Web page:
Self-styled Homoeopathy | André Kertész: A Retrospective | World Press Photo 2011 |Crazy! Naked! – A Show by Istvan Kantor Monty Cantsin? Amen! | Unpolished – Contemporary Polish Design (as part of Design Week 2011) | COULEUR LOCALE – Europe’s Colours in Objects
Gábor Rieder: Self-styled Homoeopathy
A philosophy of history is conveyed by the lost objects recently found and grouped by József Szolnoki; conceptual somersaults from Hapsburg-era beer-mugs to a shrinking Magyarosaurus.
The title of the show had led us to believe that a contemporary artist was out to make fun of homoeopathy in spite of its sacred-cow quality resembling that of global warming or astrology. Not in the least! The title is a misnomer inasmuch as there are no drug corporations or alternative medicine to mock at, but we do get an entertaining vision of history through a lot of powerful symbols and distorting mirrors.
The main metaphor is that of Hungary as Ferryland. Hungarians are constantly traversing between West and East. Presently they are heading East, but there is a question mark added. The stakes are high, as ever.
On the first video we can see and hear Hungarian expats living in Germany, dressed in ancient Hun gear, talking about Attila’s Huns being ancestors of present-day Hungarians. Watching those expats, we are drawn to forget about the Hungarian-Austrian controversy so crucial in our history for many later centuries. Hapsburg oppression is symbolised by a long table with 162 empty antique beer-mugs. For 150 years after the crushing of the Hungarian rebellion against the Hapsburgs it was forbidden for good Hungarians to clink their beer glasses before emptying them (like with wine glasses) only because the victorious Austrians had been seen doing just that to celebrate the defeat of Hungary in 1849.
A central requisite of the show is the Hungarian coat-of-arms in its many variants. Szolnoki had discovered an enamelled plaque on an office building revealing the red-starred coat-of-arms of the Kádár era underneath the current variant with the Holy Crown. Other pieces on view reveal still earlier variants simultaneously with the current ones. Along with those requisites, Szolnoki offers a digital software with which any visitor can botch up his/her own personal Hungarian coat-of-arms.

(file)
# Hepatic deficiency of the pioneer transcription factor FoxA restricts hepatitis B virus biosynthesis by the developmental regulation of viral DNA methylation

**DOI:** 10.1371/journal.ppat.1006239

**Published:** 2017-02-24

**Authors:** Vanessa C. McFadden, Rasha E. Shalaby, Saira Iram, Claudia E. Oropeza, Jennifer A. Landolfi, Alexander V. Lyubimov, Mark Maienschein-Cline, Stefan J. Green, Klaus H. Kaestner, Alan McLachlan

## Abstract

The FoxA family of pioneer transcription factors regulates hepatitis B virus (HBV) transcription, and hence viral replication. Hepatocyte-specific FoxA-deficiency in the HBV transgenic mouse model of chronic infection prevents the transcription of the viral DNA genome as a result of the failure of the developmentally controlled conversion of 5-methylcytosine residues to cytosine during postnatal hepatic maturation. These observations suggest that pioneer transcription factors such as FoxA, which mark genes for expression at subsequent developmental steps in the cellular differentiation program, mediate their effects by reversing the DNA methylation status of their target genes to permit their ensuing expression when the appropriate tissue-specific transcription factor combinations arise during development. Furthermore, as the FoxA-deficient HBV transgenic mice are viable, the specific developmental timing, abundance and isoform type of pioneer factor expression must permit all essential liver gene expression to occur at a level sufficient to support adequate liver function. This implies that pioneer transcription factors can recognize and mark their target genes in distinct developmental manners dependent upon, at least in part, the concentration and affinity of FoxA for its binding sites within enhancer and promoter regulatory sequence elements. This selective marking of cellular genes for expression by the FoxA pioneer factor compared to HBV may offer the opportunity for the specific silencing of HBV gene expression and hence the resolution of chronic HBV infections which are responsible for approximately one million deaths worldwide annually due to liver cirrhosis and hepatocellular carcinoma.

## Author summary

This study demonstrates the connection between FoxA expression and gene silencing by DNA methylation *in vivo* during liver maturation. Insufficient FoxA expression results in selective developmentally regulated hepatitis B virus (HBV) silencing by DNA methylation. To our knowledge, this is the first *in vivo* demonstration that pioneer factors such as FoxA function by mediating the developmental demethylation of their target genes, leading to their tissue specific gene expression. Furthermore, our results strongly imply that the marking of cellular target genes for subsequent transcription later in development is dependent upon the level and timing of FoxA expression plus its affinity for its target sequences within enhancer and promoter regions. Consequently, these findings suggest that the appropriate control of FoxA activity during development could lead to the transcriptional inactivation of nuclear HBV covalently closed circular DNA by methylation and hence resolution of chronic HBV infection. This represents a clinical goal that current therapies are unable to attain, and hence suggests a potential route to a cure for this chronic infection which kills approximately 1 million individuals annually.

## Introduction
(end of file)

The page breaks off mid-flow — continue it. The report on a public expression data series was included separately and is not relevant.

There is also a soap collection, a video containing parliamentary silences, a collection of dictionaries, and also a documentation on a small fossil dinosaur that had been unearthed in Transylvania in the late 19th century, and was claimed to be by its finder the remains of a shrunken giant rather than a new-born specimen. To all intents and purposes, the finder was later proved right. Shrinkage among isolated, poorly fed populations of dinosaurs was the order of the day millions of years ago.
The conclusion is rather bitter. We, Hungarians are destined either to shrink within our stringent perimeters, or to board a ferry moving East. With a question mark hanging over it. Can one sink any deeper than that?
15 September – 13 November
André Kertész: A Retrospective
29 September – 31 December
Hungarian National Museum
Although one of the overarching figures of 20th century photography, Kertész hasn’t had a comprehensive exhibition in his native Hungary. The present show had started in the Jeu de Paume, and then moved to Winterthur and Berlin before hitting the Hungarian capital. The 250 pieces shown also reveal some of the lesser-known details of his career like his early press-photography and book-illustrations.
World Press Photo 2011
30 September – 30 October
Museum of Ethnography
5 691 press-photographers from 125 countries had submitted 108 059 photographs evaluated for 13 days by an international jury in Amsterdam. Finally, 55 photographers from 23 nations, including Hungarian Péter Lakatos, have been awarded and are displayed at the show.
Crazy! Naked! – A Show by Istvan Kantor Monty Cantsin? Amen!
1 October – 13 November
New Hungarian Gallery, Székesfehérvár
A Hungarian expatriate living in Toronto, Canada since 1976, Kantor offers an art in constant dynamic change from high-tech to “junk art”, from robotic works to blood-soaked graffiti, from techno pop-music to action-art and mail-art. Most of the pieces have been borrowed from the Kantor Archive in Székesfehérvár, and are complemented by recent videos made by the artist.
Unpolished – Contemporary Polish Design (as part of Design Week 2011)
30 September – 13 October
Arts and Crafts Museum
Most of the contributing 18 Polish designers are still in their thirties, and some of them not only manufacture, but also manage and market their own and their colleagues’ design. The exhibition has previously been on view in Copenhagen, Milan, Paris, and Cologne. Curators Agnieszka Jacobson-Cielecka and Paweł Grobelny have tried to select works with a special Polish accent.
COULEUR LOCALE – Europe’s Colours in Objects
30 September – 30 October
Picking from the output of the last three years, design experts from almost thirty countries have tried to represent each European country through three objects sent in by each. Visitors to the show can make up their minds whether the objects on view really reflect the special outlooks of the countries in question.